Only telephone companies can take part in rural broadband experiments

The FCC today released the full details on the rural broadband experiments approved by the commission on Friday. Of legal necessity, the program is limited to regulated telephone companies, although independent ISPs can either partner with one or go through the process to become one.

Eligibility is pretty much what was expected, with one new twist. The money can only be given to “Eligible Telecommunications Carriers” (ETCs) and projects have to include voice service and meet all the rules that pertain to it. But non-ETCs can apply to take part in the experiments and get the designation later. Usually, ETC designations are made by state regulators, such as the California Public Utilities Commission, but the FCC is leaving the door open to making such a designation itself, if a state regulator takes more than 3 months to make a decision.

In that case, though, it’s not yet clear (to me at least, but I’m not a lawyer) that a company would need to first have a certificate of public convenience and necessity (CPCN) from a state regulator (in other words, officially be a regulated telephone company) or if the FCC would preempt that too. It’s an important detail because just getting a CPCN in California can take a year or more.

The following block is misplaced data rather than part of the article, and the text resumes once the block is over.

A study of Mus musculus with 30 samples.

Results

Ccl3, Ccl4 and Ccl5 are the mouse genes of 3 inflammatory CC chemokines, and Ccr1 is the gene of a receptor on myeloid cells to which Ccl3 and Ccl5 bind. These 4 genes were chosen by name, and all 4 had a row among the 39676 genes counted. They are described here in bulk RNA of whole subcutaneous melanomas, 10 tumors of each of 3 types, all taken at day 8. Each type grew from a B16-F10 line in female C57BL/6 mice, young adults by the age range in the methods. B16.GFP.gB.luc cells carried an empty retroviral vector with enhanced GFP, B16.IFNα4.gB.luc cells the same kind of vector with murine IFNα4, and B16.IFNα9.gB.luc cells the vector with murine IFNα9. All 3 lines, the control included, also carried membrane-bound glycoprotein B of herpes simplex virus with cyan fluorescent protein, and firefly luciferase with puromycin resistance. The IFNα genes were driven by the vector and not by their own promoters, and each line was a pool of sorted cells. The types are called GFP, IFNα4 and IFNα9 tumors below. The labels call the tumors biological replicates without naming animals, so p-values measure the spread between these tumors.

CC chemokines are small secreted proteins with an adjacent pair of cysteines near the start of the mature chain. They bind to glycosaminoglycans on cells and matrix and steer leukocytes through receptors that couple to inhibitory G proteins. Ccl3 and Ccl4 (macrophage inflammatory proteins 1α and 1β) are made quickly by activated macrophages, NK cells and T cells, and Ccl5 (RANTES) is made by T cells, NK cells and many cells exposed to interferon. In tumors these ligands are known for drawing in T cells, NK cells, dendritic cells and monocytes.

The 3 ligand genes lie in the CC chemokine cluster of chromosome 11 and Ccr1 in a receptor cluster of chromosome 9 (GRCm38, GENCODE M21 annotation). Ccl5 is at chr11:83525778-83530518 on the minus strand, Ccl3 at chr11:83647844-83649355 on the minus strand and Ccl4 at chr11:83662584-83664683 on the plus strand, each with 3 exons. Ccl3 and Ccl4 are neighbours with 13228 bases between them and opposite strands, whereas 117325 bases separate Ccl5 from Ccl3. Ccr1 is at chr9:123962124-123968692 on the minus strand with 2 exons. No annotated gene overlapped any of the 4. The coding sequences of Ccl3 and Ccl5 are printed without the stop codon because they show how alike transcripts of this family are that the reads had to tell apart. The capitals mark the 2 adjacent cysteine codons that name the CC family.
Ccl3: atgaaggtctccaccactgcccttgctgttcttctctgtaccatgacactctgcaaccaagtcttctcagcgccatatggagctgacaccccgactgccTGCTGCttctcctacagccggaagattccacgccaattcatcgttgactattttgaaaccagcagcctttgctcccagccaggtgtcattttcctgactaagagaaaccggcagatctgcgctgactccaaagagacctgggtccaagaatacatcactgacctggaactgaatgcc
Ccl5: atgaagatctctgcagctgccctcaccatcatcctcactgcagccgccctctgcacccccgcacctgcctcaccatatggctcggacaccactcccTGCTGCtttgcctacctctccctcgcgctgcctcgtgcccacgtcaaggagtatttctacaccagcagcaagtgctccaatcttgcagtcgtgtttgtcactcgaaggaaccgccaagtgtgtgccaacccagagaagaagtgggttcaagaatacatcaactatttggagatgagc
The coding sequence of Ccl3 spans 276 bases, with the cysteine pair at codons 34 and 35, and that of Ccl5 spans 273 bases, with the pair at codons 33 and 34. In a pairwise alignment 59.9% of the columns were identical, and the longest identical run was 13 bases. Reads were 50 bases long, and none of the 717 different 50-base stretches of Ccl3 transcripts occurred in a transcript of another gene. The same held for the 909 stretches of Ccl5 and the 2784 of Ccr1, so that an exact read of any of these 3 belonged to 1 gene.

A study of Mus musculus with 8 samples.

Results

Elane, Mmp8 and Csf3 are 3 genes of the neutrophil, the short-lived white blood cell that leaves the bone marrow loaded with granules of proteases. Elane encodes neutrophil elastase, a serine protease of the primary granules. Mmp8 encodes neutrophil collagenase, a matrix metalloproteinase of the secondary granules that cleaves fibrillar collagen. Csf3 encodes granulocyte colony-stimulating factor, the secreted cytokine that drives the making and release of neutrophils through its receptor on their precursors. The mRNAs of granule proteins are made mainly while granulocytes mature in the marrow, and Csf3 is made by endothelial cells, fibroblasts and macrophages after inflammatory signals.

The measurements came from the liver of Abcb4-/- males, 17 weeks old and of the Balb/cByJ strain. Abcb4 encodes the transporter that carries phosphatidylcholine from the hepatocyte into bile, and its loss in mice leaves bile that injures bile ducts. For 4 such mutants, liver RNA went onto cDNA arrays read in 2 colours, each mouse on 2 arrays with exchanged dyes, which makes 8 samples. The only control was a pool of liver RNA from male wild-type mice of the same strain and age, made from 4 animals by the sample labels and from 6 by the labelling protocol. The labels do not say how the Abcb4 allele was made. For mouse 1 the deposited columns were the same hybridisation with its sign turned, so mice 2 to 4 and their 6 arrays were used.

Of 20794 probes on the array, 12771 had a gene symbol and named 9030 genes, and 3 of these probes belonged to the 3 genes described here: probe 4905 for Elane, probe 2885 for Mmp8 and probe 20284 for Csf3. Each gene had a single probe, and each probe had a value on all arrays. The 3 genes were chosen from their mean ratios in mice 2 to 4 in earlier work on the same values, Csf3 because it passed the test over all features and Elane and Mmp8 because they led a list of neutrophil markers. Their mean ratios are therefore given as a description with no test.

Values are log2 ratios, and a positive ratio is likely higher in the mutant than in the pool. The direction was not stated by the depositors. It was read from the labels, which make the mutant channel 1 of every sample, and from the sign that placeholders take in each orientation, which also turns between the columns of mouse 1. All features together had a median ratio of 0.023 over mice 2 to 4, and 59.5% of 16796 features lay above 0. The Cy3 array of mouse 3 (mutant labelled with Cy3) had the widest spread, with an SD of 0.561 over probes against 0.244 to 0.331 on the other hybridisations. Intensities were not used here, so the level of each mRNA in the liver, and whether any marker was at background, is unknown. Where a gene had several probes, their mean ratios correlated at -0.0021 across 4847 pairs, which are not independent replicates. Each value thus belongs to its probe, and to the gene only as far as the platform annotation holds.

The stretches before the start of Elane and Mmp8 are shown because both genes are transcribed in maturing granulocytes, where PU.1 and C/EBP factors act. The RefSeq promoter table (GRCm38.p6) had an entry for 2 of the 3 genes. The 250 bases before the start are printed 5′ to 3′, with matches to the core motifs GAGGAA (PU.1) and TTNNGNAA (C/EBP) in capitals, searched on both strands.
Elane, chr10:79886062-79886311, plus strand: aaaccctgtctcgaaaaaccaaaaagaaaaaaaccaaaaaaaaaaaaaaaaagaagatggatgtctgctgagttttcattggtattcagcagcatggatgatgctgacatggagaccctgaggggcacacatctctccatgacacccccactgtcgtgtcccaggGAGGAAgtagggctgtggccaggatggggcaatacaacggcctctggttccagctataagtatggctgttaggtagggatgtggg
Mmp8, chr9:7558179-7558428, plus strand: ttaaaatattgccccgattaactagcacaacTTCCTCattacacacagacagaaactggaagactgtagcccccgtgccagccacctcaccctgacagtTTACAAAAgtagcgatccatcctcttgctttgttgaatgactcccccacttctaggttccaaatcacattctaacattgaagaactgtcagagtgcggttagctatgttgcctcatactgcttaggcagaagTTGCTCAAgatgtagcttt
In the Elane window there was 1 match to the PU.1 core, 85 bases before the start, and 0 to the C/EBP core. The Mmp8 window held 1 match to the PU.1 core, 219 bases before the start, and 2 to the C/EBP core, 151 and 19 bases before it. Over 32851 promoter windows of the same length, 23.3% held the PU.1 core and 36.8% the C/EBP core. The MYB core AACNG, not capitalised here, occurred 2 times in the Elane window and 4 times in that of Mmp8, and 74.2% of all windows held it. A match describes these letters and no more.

Winning bidders – and the FCC considers this to be a bidding process – will be picked on the basis of a quantitative cost-effectiveness model, with extra credit for projects that are restricted to tribal lands. The FCC also expects “to select a diversity of projects in terms of geography and technologies”. A total of $100 million is available…

  • $75 million (with a max of $20 million per project) for networks capable of delivering 100 Mbps down/25 Mbps up and with at least 25/5 on offer to all customers within the project area. The FCC’s order talks about it in the context of fiber-to-the-premise, but doesn’t limit it to that. Presumably, beefed up VDSL or Docsis 3 cable modem service would qualify too. Pricing and data caps have to be comparable to similar wireline plans in urban areas.
  • $15 million for projects that offer a service plan of at least 10 Mbps down/1 Mbps up. That’s a service level that’s often associated with AT&T’s Uverse upgrades on ageing rural copper systems, for example. But fixed wireless and hybrid experiments are also encouraged. The service plan has to allow at least 100 gigabytes of monthly traffic with latency no greater than 100 milliseconds and be reasonably priced, by comparison to FCC benchmarks. The maximum subsidy per project is $7.5 million.
  • $10 million, also for 10 Mbps down/1 Mbps up, but specifically earmarked for what the FCC considers to be “extremely high-cost census blocks”. Same specs otherwise, except there’s wiggle room on latency and satellite proposals are allowed. The per-project limit is $5 million.

There is a long list of detailed requirements and qualifications for bidders. I won’t try to summarise it – if you’re interested in applying, it’s best to slog through it yourself. The CPUC previously posted some very helpful information for interested applicants, including maps of eligible areas. Bids are due in 90 days.